Shawne Major: Sew What? at the Galveston Arts Center, April 22 – July 9, 2023
Galveston Arts Center (GAC) Curator Dennis Nance and I used the word “topography” as we pored over Shawne Major’s heavily layered textile works, in which dense thickets of individual items are laid atop one another until the matrix (the netting) is completely obscured. As a result, their rectangular forms are warped in a way that denies the pristine surface of a painting or wooden panel. There are valleys of texture to be seen in this show; at times both sagging and tense, the works are built up on different meshes, like poultry netting. “It’s a cross section of about ten years of work,” Nance tells me, some of which has shown at Lawndale in Houston.
Nance observed that the pieces are all the scale of Major’s wingspan — her arms can only reach so far while attaching the multitude of rope, braids, and plastic bits. Indeed, working as much material as Major does would come up against some kind of limitation. The depth and weight of the piece create a sense of physicality, almost as if each work has a life of its own. “It’s like opening a drawer and sifting through a collection,” Nance tells me.
Major’s decision to create a whole artwork out of individual lines (power cables, rope, braided thread, jewelry) is a commitment to laborious, almost couture artistry. The exhibition features enough work that one can attempt to attribute a style or a sensibility to Major’s approach, but that endeavor usually fails when a stray item catches the eye. Airpods, plastic figurines, and eccentric jewelry fight with one another for the identity of the work. These compositions evince varying perspectives, like the kitschy past of costume jewelry, or the wasteful nature of consumer electronics such as the AirPods. These tapestries are not aiming for pictorial goals. Instead, they are vaults of things that used to sit dormant in a drawer somewhere. Now they live here, taking on a second life.
DUAL: It’s Called Fishin’, Not Catchin’ at the Galveston Arts Center, March 4 – May 28, 2023
Graffiti and fine artist DUAL has created a body of work which showcases fish in a few variations of abstraction. Some are relatively straightforward: splintered into slivers and painted to contrast against each other. Some feel more conceptual, as if the concept of fish is somehow second to the artist’s need to question form. Decorative painted elements on the wall emphasize the artist’s approach, lightly stringing the works together into an installation. It is fitting that a graffiti artist would have an eye for adorning the blank walls of a gallery, but I have yet to see someone do it in a way that evenly complements both graffiti and fine art sensibilities.
A collection of collages, which take a considerably more representational approach to marine life, sits on one wall, with bits of reflective plastic and tape depicting the menacing pincers of a crab and the adorable whiskers of a shrimp. The Galveston Art Center tasks itself with presenting quality artwork to its island population; maritime themes are bound to come about. This showing of aerosol paintings given space in a contemporary art gallery proves that there is plenty of room for work about the sea that can be exciting rather than typical.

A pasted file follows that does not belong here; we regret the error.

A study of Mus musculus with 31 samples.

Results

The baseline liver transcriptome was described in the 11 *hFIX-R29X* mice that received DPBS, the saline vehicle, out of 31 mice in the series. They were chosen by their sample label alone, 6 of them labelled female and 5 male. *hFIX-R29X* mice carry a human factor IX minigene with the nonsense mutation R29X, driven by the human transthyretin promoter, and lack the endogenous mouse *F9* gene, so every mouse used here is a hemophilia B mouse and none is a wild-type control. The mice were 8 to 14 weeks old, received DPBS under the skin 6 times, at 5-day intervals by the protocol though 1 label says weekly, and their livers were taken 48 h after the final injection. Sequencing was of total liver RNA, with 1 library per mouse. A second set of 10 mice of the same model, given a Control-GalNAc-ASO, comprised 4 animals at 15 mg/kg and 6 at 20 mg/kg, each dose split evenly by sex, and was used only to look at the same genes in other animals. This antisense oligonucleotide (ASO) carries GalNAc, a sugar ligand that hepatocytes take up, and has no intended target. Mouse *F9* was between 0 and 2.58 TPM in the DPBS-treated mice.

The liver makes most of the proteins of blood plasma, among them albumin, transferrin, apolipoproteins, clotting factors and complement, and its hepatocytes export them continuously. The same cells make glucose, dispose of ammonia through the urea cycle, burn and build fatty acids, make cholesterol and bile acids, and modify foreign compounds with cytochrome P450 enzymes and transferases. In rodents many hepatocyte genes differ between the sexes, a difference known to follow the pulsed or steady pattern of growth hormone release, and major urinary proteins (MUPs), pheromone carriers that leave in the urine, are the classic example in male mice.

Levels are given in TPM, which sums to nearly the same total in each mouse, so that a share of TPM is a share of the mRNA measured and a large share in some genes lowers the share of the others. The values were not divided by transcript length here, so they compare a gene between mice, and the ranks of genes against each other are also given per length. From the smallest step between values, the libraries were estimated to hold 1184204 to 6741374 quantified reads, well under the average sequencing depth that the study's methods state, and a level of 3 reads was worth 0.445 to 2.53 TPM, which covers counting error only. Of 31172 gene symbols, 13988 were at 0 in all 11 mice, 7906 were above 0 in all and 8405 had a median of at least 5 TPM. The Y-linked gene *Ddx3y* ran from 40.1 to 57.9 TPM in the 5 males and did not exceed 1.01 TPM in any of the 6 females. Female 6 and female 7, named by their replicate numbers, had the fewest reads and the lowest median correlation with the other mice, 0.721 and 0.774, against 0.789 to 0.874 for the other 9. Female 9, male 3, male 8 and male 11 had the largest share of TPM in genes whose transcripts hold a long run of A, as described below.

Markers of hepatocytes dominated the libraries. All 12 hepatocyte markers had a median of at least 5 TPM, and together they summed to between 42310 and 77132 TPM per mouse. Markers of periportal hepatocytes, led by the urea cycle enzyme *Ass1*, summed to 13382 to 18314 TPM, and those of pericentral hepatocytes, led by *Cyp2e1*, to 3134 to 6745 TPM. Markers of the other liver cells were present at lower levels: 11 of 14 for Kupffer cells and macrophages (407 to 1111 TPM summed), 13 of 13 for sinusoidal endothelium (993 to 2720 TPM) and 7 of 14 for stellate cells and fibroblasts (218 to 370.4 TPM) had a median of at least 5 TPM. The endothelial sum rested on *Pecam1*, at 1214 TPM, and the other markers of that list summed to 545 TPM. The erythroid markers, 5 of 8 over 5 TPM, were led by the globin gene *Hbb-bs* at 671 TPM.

James Beard & Sarah Welch: Murky Mirror at the Galveston Arts Center, March 4 – May 28, 2023
This show by Mystic Multiples (the creative project of printmaker James Beard and artist and illustrator Sarah Welch) is a display of speculative climate fiction. In previous projects on the same theme, the artist couple have made zines that show a future, drawn in ink, in which Houston is partially underwater, while the city itself has not been completely evacuated — there are still citizens living amongst the rising waters.
Welch’s drawings, which Beard reproduces using letterpress and risography, always approach the subject from a humble, slice-of-life narrative style, not unlike Adrian Tomine’s Optic Nerve series from the 1990s. The characters must contend with all manner of natural encroachment. In this exhibition, large panels of scenic muslin (a type of muslin for painting theatrical backdrops) present panoramic views of the overgrown byways of a semi-fictional Houston. An atmospheric installation of ceramic works sits on an altar in GAC’s adjacent Vault Gallery, a bank-vault-with-door-turned-exhibition-space. There are not any humans in this show, but the impulse to set the work within a relatable Texas milieu is here as usual: white and green coolers covered with burlap sacks serve as seating, making the room feel like a tailgate.
I recently have been taking as many light rail trips as possible, as part of ongoing research into the Texas metropolitan environment. The train lines of the Dallas Area Rapid Transit network connect far, disparate neighborhoods to a series of central stations downtown. Despite the constant rapid growth and development of Dallas, the outer stations on each line reveal just how forested the area remains. Taking the train enables seeing the environment more clearly than driving, which is made all the more interesting as buildings begin to drop off and trees take over. Riding a train out of the city and into the unknown is a placid, almost humbling experience. Murky Mirror, though it takes place in a different ecoregion of Texas, is a narrative framing of how our own lives are dynamic when placed in contrast to the form of nature. I appreciate the perspective.
All photos by William Sarradet. William Sarradet is the Assistant Editor for Glasstire.